Jewish faculty members at the University of Illinois at Urbana-Champaign and professors in the university’s Program in Jewish Culture and Society are split on whether they support a complaint of anti-Semitism filed by Jewish students with the U.S. Department of Education on Oct. 23.
Earlier this week, 64 faculty members defended Chancellor Robert Jones’s handling of incidents on campus that students said showed a pattern of anti-Semitism and said he and the university have not contributed to an environment where Jewish students feel unsafe sharing their Jewish identity. However, on Thursday, a separate group of 16 faculty members issued a dueling letter in support of the students’ complaint, which said “faculty attempts to undermine student complaints about anti-Semitism create a chilling atmosphere on campus that seeks to silence Jewish student voices.”
“We trust students to recognize their own experiences of anti-Semitism, and the systems in place to adjudicate such accusations of a hostile climate on campus,” the letter said. “Students are entitled to file grievances about their encounters and a fair legal process to consider those complaints on their merits. Thus we decry faculty attempts to undermine this process and stand with our students and their right to be heard.”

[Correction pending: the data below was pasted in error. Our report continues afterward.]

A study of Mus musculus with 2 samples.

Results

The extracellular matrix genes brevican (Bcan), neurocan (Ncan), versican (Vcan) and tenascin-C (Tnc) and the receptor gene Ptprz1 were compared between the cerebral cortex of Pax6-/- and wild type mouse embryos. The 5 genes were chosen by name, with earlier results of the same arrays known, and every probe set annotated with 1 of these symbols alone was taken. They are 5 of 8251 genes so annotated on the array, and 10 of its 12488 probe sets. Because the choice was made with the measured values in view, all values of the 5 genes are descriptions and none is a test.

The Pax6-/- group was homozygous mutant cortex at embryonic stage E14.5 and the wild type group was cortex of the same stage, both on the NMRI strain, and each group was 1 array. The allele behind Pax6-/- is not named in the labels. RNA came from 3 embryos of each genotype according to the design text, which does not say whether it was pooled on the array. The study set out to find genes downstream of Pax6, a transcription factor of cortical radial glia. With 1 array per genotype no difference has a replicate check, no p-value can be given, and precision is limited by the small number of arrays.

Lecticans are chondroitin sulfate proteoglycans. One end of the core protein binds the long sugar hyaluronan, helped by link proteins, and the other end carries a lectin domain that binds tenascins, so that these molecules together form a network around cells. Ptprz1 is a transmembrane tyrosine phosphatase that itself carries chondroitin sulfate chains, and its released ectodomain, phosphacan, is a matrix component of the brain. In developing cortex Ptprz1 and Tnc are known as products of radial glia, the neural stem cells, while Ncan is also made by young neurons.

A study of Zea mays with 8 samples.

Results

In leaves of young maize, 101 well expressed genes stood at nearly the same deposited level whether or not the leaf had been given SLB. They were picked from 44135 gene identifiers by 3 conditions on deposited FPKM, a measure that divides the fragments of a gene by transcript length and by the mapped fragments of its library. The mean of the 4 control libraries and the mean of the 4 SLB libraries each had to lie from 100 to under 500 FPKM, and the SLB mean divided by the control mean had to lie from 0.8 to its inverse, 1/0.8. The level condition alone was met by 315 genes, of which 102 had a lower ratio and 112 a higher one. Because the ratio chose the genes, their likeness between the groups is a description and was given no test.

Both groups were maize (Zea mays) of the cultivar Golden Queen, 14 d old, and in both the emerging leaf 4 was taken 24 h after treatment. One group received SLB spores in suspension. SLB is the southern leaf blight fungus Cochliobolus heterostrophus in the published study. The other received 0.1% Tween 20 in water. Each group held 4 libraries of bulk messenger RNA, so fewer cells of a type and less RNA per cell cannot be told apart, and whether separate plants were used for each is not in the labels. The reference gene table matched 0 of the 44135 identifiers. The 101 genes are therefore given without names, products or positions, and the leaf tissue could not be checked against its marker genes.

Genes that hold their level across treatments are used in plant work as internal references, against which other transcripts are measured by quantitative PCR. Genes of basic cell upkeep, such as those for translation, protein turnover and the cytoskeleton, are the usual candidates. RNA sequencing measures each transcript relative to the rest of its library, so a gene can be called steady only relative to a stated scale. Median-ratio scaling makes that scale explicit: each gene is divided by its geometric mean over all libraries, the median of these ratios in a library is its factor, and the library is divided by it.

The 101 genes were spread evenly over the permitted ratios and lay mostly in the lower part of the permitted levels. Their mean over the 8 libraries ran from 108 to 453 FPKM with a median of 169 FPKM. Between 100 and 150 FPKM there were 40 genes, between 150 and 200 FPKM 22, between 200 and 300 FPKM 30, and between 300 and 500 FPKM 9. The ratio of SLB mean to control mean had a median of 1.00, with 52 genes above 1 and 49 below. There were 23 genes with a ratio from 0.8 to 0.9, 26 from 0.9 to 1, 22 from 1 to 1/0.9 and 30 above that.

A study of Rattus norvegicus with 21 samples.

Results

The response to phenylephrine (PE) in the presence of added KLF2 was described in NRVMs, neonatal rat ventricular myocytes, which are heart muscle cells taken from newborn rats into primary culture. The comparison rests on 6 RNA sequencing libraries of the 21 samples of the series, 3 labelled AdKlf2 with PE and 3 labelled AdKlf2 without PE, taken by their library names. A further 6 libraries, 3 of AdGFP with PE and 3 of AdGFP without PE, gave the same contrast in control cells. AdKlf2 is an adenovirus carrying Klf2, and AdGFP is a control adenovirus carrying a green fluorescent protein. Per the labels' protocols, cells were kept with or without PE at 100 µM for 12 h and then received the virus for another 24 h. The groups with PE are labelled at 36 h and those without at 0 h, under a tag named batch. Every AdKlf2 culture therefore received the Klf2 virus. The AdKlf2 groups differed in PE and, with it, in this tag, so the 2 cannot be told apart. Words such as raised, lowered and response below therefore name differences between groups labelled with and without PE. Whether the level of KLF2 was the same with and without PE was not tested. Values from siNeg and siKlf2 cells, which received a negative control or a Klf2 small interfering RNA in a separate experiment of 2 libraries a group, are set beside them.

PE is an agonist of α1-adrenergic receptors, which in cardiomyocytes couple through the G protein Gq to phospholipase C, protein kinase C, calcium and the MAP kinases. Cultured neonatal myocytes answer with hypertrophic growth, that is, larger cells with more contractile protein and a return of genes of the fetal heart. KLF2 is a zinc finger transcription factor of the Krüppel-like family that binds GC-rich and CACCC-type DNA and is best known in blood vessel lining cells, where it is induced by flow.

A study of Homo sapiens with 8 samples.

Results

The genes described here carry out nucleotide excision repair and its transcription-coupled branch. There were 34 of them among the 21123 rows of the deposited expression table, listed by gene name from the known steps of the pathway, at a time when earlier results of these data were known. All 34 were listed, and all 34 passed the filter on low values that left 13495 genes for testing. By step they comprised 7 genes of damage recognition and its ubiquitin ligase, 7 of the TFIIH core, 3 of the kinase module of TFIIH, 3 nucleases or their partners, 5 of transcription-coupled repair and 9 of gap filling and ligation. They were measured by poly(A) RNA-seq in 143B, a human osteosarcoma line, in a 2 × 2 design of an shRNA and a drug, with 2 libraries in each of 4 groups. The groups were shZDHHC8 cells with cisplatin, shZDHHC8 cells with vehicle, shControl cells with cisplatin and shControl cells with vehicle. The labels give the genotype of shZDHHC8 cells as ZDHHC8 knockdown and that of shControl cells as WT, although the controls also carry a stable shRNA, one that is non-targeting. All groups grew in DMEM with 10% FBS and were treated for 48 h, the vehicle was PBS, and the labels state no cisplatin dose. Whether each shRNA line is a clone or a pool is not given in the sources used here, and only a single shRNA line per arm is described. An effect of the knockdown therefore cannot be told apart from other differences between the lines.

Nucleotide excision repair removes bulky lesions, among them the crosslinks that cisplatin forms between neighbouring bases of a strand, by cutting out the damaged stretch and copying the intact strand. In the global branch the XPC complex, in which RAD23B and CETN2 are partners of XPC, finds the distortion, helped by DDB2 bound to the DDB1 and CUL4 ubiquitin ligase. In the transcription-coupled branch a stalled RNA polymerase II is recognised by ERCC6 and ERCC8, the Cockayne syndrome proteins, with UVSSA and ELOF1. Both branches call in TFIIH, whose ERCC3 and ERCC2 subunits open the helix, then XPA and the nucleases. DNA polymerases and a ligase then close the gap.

Rachel Harris, a professor in the Jewish culture and society program, said the intention of the letter is not to evaluate the substance of the anti-Semitism complaint, but to object other faculty members “litigating the complaint” before it is evaluated by the Department of Education. The department does not confirm the receipt of complaints, and according to an online database of discrimination investigations, the university is not being actively reviewed for violations under Title VI, the law that prohibits discrimination based on race, color or national origin at federally funded institutions.